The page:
Ours may be remembered as the era of the Big Sleep. Barack Obama and the Democrats lie comatose at the switch as the federal government continues to swell up like a dead mule in the heat of late July. Air-traffic controllers doze off with airliners circling airports, frantically trying to get landing instructions.
Joe Biden sleeps through the boss’s forgettable speech about the economy, caught on camera with his chin against his chest, happily sawing hickory logs. A man sitting next to him in the photograph is obviously wrestling with a protocol problem: How loud does a veep get to snore before he gets a sharp elbow in the ribs?
Presidents, on the other hand, can’t take refuge in a nap in the attic, where our lovable and slightly dotty uncles live. So when Standard & Poor’s, a most highly regarded authority on Wall Street, downgrades its assessment of the U.S. credit outlook as “negative,” the White House has to do better than to dismiss the assessment as partisan politics.
“I don’t think we should make too much out of that,” says Austen Goolsbee, Mr. Obama’s top economist. “What Standard & Poor’s is doing is making a political judgment, and it is one that we don’t agree with.”
Presidents always have trouble with bad news, and they’ve never figured out what to do with veeps, sleeping or otherwise. John Adams called the vice presidency “the most insignificant office that ever the invention of man contrived or his imagination conceived.” When the Whigs approached Daniel Webster about running as Zachary Taylor’s running mate in 1848, he declined: “I do not intend to be buried until I am dead.” John Nance Garner, FDR’s first vice president, famously described the job as “not worth a pitcher of warm spit.” Harry S Truman, who had been kept in the dark about everything, including the atomic bomb and how evil Josef Stalin really was, said the only duties a veep has are to “go to weddings and funerals.” Indeed, the only arguments Joe Biden and the missus ever have is at the breakfast table, over who gets the first look at the obituary page.
Thomas Marshall, who was Woodrow Wilson’s vice president and is best known for his observation that “what this country needs is a really good 5-cent cigar,” was fond of recalling the story of two brothers he knew back home in Indiana. “One went away to sea; the other was elected vice president of the United States, and nothing was heard of either one of them again.” That’s not the president’s problem with good ol’ Joe. He is heard from early and often, like a conscientious voter in Chicago.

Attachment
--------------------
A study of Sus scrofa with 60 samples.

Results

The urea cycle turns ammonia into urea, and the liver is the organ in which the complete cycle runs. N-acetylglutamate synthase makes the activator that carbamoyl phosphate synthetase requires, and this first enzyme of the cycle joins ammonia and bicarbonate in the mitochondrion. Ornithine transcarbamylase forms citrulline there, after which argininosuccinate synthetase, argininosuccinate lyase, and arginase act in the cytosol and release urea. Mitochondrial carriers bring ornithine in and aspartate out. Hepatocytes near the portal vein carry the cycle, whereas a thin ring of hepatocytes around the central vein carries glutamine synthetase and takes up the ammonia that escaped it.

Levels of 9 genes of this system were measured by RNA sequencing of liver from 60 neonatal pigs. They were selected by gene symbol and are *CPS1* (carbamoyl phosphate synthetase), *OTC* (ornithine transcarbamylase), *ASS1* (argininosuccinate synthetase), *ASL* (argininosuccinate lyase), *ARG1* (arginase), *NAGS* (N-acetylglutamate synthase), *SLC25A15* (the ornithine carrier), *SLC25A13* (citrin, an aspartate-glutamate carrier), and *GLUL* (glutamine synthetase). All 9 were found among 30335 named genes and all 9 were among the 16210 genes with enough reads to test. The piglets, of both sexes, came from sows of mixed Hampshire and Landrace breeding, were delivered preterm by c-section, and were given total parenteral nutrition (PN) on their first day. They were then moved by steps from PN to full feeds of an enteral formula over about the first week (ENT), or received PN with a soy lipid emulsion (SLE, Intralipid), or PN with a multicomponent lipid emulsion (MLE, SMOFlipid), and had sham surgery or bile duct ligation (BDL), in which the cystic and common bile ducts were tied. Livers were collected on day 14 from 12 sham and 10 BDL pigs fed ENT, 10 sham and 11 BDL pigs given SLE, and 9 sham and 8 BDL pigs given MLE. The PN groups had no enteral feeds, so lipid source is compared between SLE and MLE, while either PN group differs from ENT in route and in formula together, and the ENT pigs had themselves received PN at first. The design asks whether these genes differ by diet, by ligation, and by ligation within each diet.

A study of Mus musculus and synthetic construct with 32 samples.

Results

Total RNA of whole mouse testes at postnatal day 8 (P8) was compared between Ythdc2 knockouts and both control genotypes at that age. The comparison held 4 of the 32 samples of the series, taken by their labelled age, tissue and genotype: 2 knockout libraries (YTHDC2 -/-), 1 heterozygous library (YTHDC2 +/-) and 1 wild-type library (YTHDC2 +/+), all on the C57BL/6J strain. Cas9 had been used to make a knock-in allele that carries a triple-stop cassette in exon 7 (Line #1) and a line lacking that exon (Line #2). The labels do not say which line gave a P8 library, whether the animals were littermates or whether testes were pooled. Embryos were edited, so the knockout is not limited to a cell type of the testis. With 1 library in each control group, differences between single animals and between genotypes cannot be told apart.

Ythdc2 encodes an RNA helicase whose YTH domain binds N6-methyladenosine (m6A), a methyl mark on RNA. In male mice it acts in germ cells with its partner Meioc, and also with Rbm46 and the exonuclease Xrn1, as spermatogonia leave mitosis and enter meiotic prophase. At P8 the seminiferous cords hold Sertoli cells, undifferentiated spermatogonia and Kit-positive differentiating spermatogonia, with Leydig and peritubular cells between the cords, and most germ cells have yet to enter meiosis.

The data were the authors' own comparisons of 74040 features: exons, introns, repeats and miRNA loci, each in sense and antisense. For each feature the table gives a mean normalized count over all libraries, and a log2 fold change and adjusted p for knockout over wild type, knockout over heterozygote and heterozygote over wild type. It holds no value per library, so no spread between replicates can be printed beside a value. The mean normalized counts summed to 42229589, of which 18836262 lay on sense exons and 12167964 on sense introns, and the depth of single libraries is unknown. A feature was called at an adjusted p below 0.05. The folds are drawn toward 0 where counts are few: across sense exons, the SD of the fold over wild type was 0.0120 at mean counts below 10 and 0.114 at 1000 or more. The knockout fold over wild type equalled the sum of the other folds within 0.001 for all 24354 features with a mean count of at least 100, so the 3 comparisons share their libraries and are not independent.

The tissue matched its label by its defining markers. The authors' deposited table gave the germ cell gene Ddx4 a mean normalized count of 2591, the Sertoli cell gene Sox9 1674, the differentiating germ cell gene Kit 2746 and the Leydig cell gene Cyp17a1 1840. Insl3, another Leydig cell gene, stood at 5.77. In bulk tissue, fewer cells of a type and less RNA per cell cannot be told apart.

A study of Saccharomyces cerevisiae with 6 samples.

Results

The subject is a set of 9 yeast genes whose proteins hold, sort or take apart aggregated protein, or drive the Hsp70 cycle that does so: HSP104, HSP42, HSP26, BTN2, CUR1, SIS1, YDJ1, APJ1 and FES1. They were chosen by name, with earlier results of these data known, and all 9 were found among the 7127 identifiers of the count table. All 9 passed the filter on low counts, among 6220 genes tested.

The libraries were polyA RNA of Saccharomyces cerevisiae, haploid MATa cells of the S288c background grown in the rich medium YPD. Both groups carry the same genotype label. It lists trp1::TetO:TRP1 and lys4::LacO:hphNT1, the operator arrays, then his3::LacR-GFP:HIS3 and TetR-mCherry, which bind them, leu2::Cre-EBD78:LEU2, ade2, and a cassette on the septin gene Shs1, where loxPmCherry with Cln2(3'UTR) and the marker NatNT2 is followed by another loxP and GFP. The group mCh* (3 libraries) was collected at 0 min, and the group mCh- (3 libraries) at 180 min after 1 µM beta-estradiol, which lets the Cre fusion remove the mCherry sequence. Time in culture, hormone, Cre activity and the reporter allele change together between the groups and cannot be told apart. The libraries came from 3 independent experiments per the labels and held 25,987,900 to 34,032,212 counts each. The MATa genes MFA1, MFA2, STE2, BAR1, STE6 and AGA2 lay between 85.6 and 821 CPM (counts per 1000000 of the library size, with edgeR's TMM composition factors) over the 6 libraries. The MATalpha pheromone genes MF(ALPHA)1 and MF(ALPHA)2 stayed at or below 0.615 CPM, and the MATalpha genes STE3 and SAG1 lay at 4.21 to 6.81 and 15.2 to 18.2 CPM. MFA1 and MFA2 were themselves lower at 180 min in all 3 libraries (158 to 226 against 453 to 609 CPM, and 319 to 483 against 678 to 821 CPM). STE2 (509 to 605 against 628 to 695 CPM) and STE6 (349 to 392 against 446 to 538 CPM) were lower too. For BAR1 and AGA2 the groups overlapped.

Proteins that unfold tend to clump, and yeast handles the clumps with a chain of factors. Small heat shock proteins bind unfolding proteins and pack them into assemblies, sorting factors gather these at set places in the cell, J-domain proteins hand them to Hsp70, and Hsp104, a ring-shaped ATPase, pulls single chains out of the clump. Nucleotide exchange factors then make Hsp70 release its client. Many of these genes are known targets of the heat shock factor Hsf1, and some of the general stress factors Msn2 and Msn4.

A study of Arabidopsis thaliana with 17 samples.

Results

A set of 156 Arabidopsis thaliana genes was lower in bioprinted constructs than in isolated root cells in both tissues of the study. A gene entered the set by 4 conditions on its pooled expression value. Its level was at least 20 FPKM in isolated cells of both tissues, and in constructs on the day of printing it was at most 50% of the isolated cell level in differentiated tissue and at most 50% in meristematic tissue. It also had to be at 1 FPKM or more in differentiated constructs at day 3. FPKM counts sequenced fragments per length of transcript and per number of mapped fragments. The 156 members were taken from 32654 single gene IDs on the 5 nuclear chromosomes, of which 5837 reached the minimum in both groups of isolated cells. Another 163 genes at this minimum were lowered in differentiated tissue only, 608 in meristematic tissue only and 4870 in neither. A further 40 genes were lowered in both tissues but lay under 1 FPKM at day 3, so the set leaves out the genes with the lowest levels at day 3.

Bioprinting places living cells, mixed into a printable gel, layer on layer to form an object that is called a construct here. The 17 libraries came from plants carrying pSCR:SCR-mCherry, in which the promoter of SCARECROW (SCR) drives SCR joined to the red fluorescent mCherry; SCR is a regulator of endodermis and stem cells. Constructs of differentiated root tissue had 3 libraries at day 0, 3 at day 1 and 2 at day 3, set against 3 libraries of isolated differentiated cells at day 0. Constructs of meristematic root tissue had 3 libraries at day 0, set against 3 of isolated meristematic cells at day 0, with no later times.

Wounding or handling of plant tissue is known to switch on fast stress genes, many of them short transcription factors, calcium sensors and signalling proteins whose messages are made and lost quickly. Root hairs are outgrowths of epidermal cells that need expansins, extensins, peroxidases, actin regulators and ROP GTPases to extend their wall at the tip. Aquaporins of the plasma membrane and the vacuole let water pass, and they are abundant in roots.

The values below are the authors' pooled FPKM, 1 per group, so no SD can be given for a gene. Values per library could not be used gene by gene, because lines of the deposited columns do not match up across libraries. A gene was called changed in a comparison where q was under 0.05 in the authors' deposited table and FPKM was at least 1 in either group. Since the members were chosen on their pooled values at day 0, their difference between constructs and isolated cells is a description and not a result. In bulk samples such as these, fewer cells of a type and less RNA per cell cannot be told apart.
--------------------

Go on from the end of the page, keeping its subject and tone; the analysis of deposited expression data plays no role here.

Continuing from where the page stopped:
Good ol’ Joe represents Malaprop City, easily forgiven by the rest of us because so many of us hail from there, too. He famously greeted Chuck Graham, a state senator, at a rally in Missouri with a bluff and hearty: “Stand up, Chuck. Let ‘em see ya.” When Chuck didn’t stand up, the veep insisted again, only to discover that Chuck was sitting in a wheelchair. “Oh, God love ya,” the veep said. “What am I talking about?”
Who knew? Facts often confuse good ol’ Joe. In a campaign interview, he recalled that after the 1929 crash on Wall Street, President Roosevelt went on television to reassure the nation that everything was going to be OK. However, and it was a big however, Herbert Hoover was the president in 1929 and television was only a distant gleam in the eye of its inventors. The politicians were still trying to master radio in 1929 (and FDR famously did, half a decade later).
It doesn’t matter whether Mr. Obama and his sleepy wise men agree with S&P. Like it or not, the highly regarded S&P credit assessment is out there, and when Wall Street talks, a lot of money can walk. Rep. Eric Cantor of Virginia, the Republican majority leader in the House, calls the S&P assessment “a wake-up call” for those who want to raise the U.S. debt limit without “meaningful fiscal reforms that immediately reduce federal spending and stop our nation from digging itself further into debt.”
Once upon a time, a White House could console itself that such jeremiads were only aimed at economists and Washington policy wonks. Ordinary Americans were more interested in baseball, celebrity scandals and the latest politician shot down by the Gaffe Patrol. But the public is fully awake now, with neither appetite nor tolerance for drowsy addicts of the Big Sleep.
• Wesley Pruden is editor emeritus of The Washington Times.